Worthing café forced to close as traders hit with outdoor seating restrictions

Worthing’s town centre hospitality businesses have hit out at outdoor seating restrictions imposed by Worthing Borough Council.

Wednesday, 5th May 2021, 3:26 pm

Since lockdown restrictions eased on April 12, allowing hospitality businesses to welcome back customers outdoors, Warwick Street and Montague Street have been hives of activity.

It came as a breath of fresh air to struggling businesses forced to close since Boxing Day, aided by the council’s decision to waive fees for pavement seating licences.

But traders were ordered to significantly reduce the size of their seating areas by the council, the day before the much-needed May bank holiday.

Warwick Street, Worthing SUS-210405-155508001
Warwick Street, Worthing SUS-210405-155508001

Louise Bristow’s family has owned The Continental café in Warwick Street for more than 30 years, but the move had made their business ‘financially unworkable’.

She said they had been left ‘utterly disappointed by the lack of thought’ that has seen their outdoor space halved to just 12 seats.

“The impact of Covid was really felt by small businesses like ours but we have spent the past year getting creative with our resources and our time and were in a position, despite mandated business closures, to keep on all our staff and maintain our business where so many others were forced to close permanently,” said Louise.

“With the recent reopening, we were finally seeing the light at the end of the tunnel but sadly it seems the council isn’t interested in making decisions that support the businesses that are the lifeblood of the town.”

She said operating at half capacity is not financially viable and the café would close until indoor dining returns on May 17.

“What’s really frustrating for us is that this decision was taken so close to the upcoming May bank holiday – typically a huge trading day for us and indeed the rest of the businesses in Warwick Street which get to kick off summer with this extended weekend,” Louise added.

“The impact on our trade will be felt hard and we’re just so saddened by the lack of support or empathy by the council on this.”

Thomas Lines runs Finch Bar and Eatery in Worthing and has seen his seating area slashed back to just one table.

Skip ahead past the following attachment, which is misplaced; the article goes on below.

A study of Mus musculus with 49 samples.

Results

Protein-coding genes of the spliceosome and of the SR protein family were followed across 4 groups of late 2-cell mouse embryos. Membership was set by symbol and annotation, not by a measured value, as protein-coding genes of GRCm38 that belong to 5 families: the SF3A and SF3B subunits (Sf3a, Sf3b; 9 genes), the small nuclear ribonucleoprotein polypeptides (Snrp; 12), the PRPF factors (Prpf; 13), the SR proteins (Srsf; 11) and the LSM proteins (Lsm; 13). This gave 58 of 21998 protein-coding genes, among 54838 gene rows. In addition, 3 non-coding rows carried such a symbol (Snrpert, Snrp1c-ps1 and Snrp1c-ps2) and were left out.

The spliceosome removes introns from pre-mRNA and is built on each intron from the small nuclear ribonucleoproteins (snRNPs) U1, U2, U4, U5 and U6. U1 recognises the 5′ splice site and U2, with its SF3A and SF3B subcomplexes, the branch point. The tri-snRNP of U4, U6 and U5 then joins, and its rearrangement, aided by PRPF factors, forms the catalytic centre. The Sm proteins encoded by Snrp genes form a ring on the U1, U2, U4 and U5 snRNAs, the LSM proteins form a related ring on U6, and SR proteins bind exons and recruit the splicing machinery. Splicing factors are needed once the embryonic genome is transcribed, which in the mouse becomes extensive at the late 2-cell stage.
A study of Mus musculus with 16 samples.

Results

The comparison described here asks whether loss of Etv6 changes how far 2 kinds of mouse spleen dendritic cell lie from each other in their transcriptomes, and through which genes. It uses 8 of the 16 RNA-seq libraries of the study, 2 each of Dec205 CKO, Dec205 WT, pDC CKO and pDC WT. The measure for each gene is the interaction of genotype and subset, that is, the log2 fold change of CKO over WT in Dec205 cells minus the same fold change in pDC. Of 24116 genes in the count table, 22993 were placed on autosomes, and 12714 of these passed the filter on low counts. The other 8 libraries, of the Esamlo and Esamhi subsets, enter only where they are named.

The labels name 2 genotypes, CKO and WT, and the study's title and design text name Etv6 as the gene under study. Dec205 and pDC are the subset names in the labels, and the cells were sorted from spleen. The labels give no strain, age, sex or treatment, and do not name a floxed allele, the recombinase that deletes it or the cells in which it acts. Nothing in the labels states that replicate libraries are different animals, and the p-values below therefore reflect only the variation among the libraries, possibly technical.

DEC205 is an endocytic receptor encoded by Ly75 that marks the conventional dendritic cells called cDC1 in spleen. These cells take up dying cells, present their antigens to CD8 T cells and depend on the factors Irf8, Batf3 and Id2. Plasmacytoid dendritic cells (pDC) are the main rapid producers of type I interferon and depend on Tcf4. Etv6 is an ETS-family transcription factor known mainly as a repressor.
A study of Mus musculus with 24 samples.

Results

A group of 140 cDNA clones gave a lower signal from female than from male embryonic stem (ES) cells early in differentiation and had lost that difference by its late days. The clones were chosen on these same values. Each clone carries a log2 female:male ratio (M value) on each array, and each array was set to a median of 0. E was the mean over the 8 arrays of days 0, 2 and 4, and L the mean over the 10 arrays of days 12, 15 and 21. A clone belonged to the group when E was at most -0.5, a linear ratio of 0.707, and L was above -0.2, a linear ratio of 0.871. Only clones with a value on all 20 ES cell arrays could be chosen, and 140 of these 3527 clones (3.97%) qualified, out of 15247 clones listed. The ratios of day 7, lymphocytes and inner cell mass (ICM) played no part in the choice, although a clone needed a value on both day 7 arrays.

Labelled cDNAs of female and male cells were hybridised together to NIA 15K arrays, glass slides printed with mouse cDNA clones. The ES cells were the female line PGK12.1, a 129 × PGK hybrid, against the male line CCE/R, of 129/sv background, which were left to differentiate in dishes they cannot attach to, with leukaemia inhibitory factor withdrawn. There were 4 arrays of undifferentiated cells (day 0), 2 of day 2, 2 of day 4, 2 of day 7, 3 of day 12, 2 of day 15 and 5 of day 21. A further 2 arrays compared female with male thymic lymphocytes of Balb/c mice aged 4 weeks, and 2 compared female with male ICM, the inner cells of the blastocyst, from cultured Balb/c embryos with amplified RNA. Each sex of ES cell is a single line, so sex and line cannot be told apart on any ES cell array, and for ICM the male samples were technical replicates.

“Considering the situation, I would think they would be a bit more lenient,” said Tom.

“It’s a shame they’ve brought it in just before the bank holiday weekend, which could’ve been the first time when we could have actually made some money for about a year.

“I understand it’s for health and safety reasons and there has to be rules, but the space we get already is so narrow.”

Tom said customers had loved having the extra outdoor space, which had created a bustling, continental feel around Warwick Street.

Responsibility for outdoor seating licences moved from West Sussex County Council to local councils last year.

The change meant some traders still have pavement licences under county council terms, but not with Worthing council.

A spokesman for the council said it had been taking steps to work ‘positively and proactively’ with town centre businesses as lockdown ends, to ensure they can trade freely while keeping people safe.

“One of those key measures is encouraging hospitality businesses to apply for a pavement licence to allow them to place tables and chairs on the pavements outside their premises, which contributes to a more vibrant town centre environment while reducing the risk of the spread of Covid,” the spokesman said.

“The licence application is a simple process. Approval takes a few days and, for the second year running, we have waived all associated fees to support local businesses.

“However, since the reopening of the town centre, we have received complaints that a small number of businesses have outdoor seating without licences. We are also aware that some have increased their operating area substantially. This is causing access issues to pedestrians, especially those who are visually impaired, are in wheelchairs or with pushchairs, and having a negative impact on other businesses operating alongside.

“As part of our efforts to assist businesses reopen, our teams visited a number of premises in Warwick Street and Montague Place this week (Wednesday) to discuss and offer advice on the safe opening up of hospitality, how to remain Covid compliant and the availability of Covid Business grants.

“As part of these conversations, we explained the legal requirement for a pavement licence and how to apply for this free licence, which will enable us to ensure our town centres can be enjoyed safely by all.

“Businesses can apply for a licence via www.adur-worthing.gov.uk/aboards-tables-chairs.”